Greenwashing: Sustainably Sourced Wood and Paper Products


🧸Different materials and different products have their own various footprints. Some emit more carbon in the process while others may have more of a water footprint.

🌲Because trees can grow back and also sequester carbon instead of emitting it in production, many believe them to be sustainable and renewable. 

If products made from trees are so sustainable, why is there a need to label them as “sustainably sourced”?


☀️There has been a lot of new awareness about the actual impact of wood and paper products.

🌳Many are beginning to realize that while trees can grow back, it will take sometimes a hundred years to get even close to how the forest once was. Many logging companies to this day don’t replant trees, thus leaving the land stripped and bare.🪓

Trees clean our air, provide oxygen, and store carbon naturally. So cutting them down has become a big problem when trying to combat climate change and protect the natural world. 

What is “sustainably sourced” wood?


The answer to this problem has been to replant trees in a monoculture style. 🌾Much like farming corn or wheat or any other monoculture crop, this is far from what nature prefers, and ultimately is not sustainable.

True sustainably managed forests would look more like cutting trees here and there and therefore allowing small trees more light to take their place. Or planting new ones if there aren't any already sprouting up.🌱

It may be difficult to run a business that way, but maybe that is how it is intended to be.

While there are companies who cut trees down and replant in a very natural and sustainable way, most companies clear cut land, replant one species of tree, and label it as “sustainably sourced or managed.”

The problem with this

🌽Much like monoculture-ed agriculture, the soil will be depleted and the biodiversity of species will be minimal.

This isn’t to say that forestry departments and logging companies are trying to purposely harm the planet.🌎But if the understanding is simply “we need trees” or the only goal is to sequester carbon, why wouldn’t we just plant trees in this way?

The reality is that if we want to have a healthy, fruitful, and diverse planet then we must return these areas back to how they were as nature intended. As forests rather than tree farms.

By labeling products as sustainably sourced, this not only leads us to believe that we are maintaining forests as they are meant to be, but this belief makes us feel less guilty about buying a lot of products. But I suppose that is what greenwashing is all about anyways. 

What can we do about this?

Simplify


The simplest way to not buy products which aren’t sourced very sustainably is to just buy less stuff.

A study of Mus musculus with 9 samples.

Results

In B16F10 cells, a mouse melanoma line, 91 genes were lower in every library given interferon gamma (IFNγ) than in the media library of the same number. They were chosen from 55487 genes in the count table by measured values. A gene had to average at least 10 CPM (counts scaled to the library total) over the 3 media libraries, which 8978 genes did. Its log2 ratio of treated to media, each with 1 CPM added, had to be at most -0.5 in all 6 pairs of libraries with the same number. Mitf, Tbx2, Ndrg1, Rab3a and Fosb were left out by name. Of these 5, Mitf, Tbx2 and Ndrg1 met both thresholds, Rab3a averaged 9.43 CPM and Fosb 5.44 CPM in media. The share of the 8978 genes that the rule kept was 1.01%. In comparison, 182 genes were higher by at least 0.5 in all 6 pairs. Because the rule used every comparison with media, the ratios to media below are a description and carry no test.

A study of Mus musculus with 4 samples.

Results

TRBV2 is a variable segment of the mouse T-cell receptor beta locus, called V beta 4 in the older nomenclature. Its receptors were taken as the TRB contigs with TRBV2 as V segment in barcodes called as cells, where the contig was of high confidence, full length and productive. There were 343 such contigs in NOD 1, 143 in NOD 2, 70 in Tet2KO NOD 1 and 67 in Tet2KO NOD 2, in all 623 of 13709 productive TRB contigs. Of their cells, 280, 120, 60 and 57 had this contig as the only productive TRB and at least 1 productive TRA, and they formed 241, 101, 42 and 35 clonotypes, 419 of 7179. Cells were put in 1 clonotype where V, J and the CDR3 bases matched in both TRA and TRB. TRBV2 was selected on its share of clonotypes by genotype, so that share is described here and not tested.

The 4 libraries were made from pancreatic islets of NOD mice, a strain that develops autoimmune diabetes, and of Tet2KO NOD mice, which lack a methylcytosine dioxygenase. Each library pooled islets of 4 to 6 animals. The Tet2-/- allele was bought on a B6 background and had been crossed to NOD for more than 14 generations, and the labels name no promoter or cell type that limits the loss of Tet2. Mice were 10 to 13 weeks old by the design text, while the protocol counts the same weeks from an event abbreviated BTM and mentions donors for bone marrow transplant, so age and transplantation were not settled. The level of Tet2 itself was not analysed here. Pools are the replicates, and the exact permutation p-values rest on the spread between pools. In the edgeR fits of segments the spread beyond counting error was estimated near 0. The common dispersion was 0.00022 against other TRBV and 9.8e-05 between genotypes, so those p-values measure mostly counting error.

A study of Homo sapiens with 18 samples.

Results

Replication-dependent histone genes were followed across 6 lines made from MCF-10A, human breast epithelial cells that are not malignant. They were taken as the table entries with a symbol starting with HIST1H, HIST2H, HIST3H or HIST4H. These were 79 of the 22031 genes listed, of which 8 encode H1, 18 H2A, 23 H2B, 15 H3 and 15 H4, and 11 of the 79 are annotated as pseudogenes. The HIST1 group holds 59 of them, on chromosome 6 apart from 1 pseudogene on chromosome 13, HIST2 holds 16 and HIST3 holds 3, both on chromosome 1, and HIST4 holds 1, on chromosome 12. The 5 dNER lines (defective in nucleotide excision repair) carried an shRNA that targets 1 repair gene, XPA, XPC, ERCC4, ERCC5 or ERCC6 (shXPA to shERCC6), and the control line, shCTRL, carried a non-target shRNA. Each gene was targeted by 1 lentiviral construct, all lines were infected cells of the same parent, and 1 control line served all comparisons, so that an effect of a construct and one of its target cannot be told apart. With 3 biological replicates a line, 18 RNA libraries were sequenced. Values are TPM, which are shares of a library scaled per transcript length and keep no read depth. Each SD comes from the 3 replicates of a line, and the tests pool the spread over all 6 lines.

Something like plastic could be made from corn or sugar cane, which is for sure better, but it still has a footprint.👣 Along those same lines, a wood or paper product could be made from very well managed forests. But at almost eight billion people, we must ask ourselves if even that is sustainable or not.

📊There is probably a specific amount at which we can consume and still replenish everything we take when at a specific population, but at the very least we should be getting rid of the excess and unnecessary.

We can also buy less by switching to more zero waste options. A perfect example is dropping tissues or kleenex and switching to LastTissue instead. LastTissue is  reusable and sourced from cotton instead of trees.

Not only will this bring more meaning to our lives by living simply, but it will help others, as well as the planet...simply live.

Certify


🏅Like other products, we can rely on specific certifications to look for in wood or paper products. For the company as a whole, look for B corporations, 1% for the planet, and others found in our previous blog post.

There is a specific certification for sustainable forestry given by the FSC or Forestry Stewardship Council. This organization has taken a lot of criticism for having too lenient requirements and not being active enough in enforcement or certification suspension. So take this certification with a grain of salt.🧂

Typically, if a business as a whole is certified through the above list, this means they hopefully looked into the sustainability of lumber sourcing for their products. Or were required to do so. 


🌲Still, the state of timber certifications hasn’t been that great for quite some time. And if a certification were to require true sustainable and eco centric harvesting, we may be paying far more for our wood and paper products.📝 Which makes requirements difficult to be strict.  

Because right now, we are simply not paying the true cost of these things, but will instead, pay for them later in environmental degradation.⏳

But maybe cheap and environmentally degrading products is what has allowed us to over consume on the levels we currently do. And when we begin to pay for (or simply think about) the real cost of things, only then will we consume less. 🙏🏼

Written by Aaron Burr 

A writer dedicated to working solely with companies on a mission to help the earth and people on it.